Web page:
Former Minister of Information and Special Guest of Honour at the Abuja Book Exhibition, Prof. Jerry Gana, makes a speech at the event hosted by Flomat Books in collaboration with CBAN in Abuja
L-R Director-General, NCC, Mr. John O. Asein; Chief Executive Officer, Flomat Books, Dr. Anthony Akpokene and the Special Guest of Honour, Professor Jerry Gana, appraising the books on display during the Abuja Book Exhibition hosted by Flomat Books in collaboration with CBAN in recently
Former Information Minister and Special Guest of Honour, Prof. Jerry Gana (2nd L) and DG, NCC, Mr. John O. Asein, with pupils of Vantage Point Academy, Gwarimpa Abuja: (L-R) Munachi Onyenaka, Mohammed Sanusi and Emmanuella John during the Abuja Book Exhibition
Stakeholders in the copyright industry were over the weekend urged to intensify support for the Nigerian Copyright Commission (NCC) and its renewed campaign against copyright piracy.
Former Minister of Information, Professor Jerry Gana, made the call while underscoring the relevance of the creative industries to Nigeria’s economic development, at the Abuja Book Exhibition, with the theme: “Bringing Back the Reading Culture”, hosted by Flomat Books in collaboration with Christian Booksellers Association of Nigeria (CBAN).
Professor Gana, a prolific author and academic, who was the Special Guest of Honour at the event, stressed the need to create an environment that would encourage the sustainable development of talents in Nigeria. He condemned the activities of copyright pirates and expressed satisfaction with the renewed fight against copyright piracy by the Commission through a sustained anti-piracy campaign.
He urged authors and publishers to take advantage of the various digital formats now available in presenting their books and other reading materials to the new generation of readers while also retaining the physical formats for posterity. Sharing his personal experience in the world of books, he narrated how his love for books has continued to inspire him to write more books in spite of his busy schedule.
Assuring the NCC and the publishing industry of his fervent support in the fight against piracy, he recalled that as a former Minister of Information, the Ministry then supervising the NCC, he had given full support to the various initiatives of the Commission in its efforts to stem piracy, noting that the fight was getting tougher.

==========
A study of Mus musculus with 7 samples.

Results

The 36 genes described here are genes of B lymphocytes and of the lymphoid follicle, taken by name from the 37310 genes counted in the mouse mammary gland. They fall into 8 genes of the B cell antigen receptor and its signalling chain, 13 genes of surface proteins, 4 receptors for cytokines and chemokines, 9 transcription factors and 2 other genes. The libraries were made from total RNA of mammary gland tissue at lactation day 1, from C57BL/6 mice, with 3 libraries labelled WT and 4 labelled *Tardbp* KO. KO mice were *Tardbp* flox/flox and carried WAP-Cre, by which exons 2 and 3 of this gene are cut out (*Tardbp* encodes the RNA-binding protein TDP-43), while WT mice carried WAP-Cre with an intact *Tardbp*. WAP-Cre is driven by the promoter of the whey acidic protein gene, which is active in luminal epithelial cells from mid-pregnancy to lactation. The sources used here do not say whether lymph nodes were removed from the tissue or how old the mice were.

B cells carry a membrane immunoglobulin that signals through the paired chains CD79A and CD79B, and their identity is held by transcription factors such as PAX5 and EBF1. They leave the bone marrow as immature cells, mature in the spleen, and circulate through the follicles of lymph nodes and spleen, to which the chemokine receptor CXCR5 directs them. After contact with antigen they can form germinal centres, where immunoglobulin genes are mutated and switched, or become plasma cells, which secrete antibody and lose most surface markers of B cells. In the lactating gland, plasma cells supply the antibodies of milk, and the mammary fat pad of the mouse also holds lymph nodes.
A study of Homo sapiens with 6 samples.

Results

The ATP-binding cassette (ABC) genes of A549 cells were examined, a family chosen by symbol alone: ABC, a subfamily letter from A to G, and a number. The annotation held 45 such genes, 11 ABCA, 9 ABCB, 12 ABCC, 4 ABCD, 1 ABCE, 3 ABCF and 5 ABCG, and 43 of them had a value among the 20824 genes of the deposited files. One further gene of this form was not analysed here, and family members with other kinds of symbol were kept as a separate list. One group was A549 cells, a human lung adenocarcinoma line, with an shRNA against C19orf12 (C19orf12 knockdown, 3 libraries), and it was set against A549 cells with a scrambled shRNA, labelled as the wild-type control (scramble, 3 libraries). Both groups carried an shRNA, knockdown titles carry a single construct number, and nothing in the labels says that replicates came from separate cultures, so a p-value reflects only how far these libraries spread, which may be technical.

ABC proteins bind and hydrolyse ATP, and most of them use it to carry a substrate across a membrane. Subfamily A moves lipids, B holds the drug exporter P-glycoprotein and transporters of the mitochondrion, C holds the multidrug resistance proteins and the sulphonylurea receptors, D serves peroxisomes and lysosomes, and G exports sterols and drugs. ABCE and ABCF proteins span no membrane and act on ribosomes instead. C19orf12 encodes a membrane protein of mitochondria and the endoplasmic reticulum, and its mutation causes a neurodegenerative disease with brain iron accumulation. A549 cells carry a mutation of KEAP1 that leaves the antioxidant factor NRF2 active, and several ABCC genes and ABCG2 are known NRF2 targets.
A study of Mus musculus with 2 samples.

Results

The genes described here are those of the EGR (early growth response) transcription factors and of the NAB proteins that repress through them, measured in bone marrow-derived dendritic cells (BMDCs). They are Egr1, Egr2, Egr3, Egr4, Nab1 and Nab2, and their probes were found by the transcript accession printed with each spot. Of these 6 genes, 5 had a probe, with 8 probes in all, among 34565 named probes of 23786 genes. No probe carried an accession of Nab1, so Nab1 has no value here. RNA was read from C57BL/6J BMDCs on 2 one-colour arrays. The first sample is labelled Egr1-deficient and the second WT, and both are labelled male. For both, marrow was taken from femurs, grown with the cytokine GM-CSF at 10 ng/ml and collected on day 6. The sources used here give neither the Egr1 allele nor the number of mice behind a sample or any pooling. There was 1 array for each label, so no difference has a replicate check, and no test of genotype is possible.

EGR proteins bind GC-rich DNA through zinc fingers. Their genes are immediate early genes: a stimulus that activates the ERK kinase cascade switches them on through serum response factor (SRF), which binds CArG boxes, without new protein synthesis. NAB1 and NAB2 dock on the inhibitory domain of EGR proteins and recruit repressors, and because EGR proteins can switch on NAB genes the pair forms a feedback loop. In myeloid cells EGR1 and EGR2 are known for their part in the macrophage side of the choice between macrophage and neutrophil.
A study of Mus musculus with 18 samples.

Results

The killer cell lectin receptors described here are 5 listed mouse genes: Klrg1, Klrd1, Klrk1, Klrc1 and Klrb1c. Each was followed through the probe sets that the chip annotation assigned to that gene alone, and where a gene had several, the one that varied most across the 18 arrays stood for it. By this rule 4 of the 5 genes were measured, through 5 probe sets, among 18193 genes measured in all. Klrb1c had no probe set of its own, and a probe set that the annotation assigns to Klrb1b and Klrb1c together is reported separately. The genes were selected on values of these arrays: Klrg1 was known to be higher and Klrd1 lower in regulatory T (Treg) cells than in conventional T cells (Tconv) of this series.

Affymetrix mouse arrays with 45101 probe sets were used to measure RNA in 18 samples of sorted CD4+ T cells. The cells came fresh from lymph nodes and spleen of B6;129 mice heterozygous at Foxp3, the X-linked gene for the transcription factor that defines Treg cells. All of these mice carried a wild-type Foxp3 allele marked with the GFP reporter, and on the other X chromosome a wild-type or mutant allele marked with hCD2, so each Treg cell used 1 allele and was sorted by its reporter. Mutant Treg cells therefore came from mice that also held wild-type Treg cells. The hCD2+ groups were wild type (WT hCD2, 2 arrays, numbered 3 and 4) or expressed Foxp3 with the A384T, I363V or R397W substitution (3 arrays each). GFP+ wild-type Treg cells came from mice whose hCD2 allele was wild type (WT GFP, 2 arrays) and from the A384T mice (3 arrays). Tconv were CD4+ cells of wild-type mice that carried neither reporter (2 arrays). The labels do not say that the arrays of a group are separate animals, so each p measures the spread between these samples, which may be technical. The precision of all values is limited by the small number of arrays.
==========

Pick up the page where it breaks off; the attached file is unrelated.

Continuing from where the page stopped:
Speaking on the topic “Bringing Back the Reading Culture: Books, Piracy and the Sustainability Dilemma”, the Director-General, NCC, Mr. John O. Asein, urged publishers to understand the needs of young readers, many of whom were “born digital” and, therefore, more comfortable with electronic devices.
He pointed out that publishers have the responsibility to make more books available in formats that the reader would be most comfortable with in order to bring back the reading culture. He reasoned that it was time to invest in e-books and provide children with cheaper access to e-libraries to compensate for the dwindling numbers of well-stocked libraries.
The Director-General also observed that although the activities of copyright pirates might be misdiagnosed as helping to make books available to readers, it was indeed a cancerous growth and unless brought under control, would kill the book industry in Nigeria.
Stated he: “The Nigerian book industry and the sustained production of reading materials are under threat by copyright pirates and like other criminals, unless their illicit and parasitic activities are checked, they will destroy the very industry that they live on, leaving society with a famished book sector”.
The Director-General reassured of the Commission’s commitment to reducing the piracy index in the interest of publishers, booksellers, authors and other investors in the creative sector.
Mr. Asein expressed concern over the growing sophistication of the pirated copies, “many of which compete with originals in quality, thereby making it more difficult for copyright operatives to detect”. He advised publishers to support the Commission’s initiative to introduce anti-piracy devices for use in the book industry.
The Director-General further reiterated the Commission’s resolve to stamp out street sales of books and other copyright works, arguing that street vendors have become a major source of pirated works.
Thanking Prof. Gana for his open endorsement and show of support for the renewed antipiracy campaign, Mr. Asein called on well-meaning Nigerians to also identify with the efforts of Government and shun suspicious books and other copyright materials in the interest of the creative economy.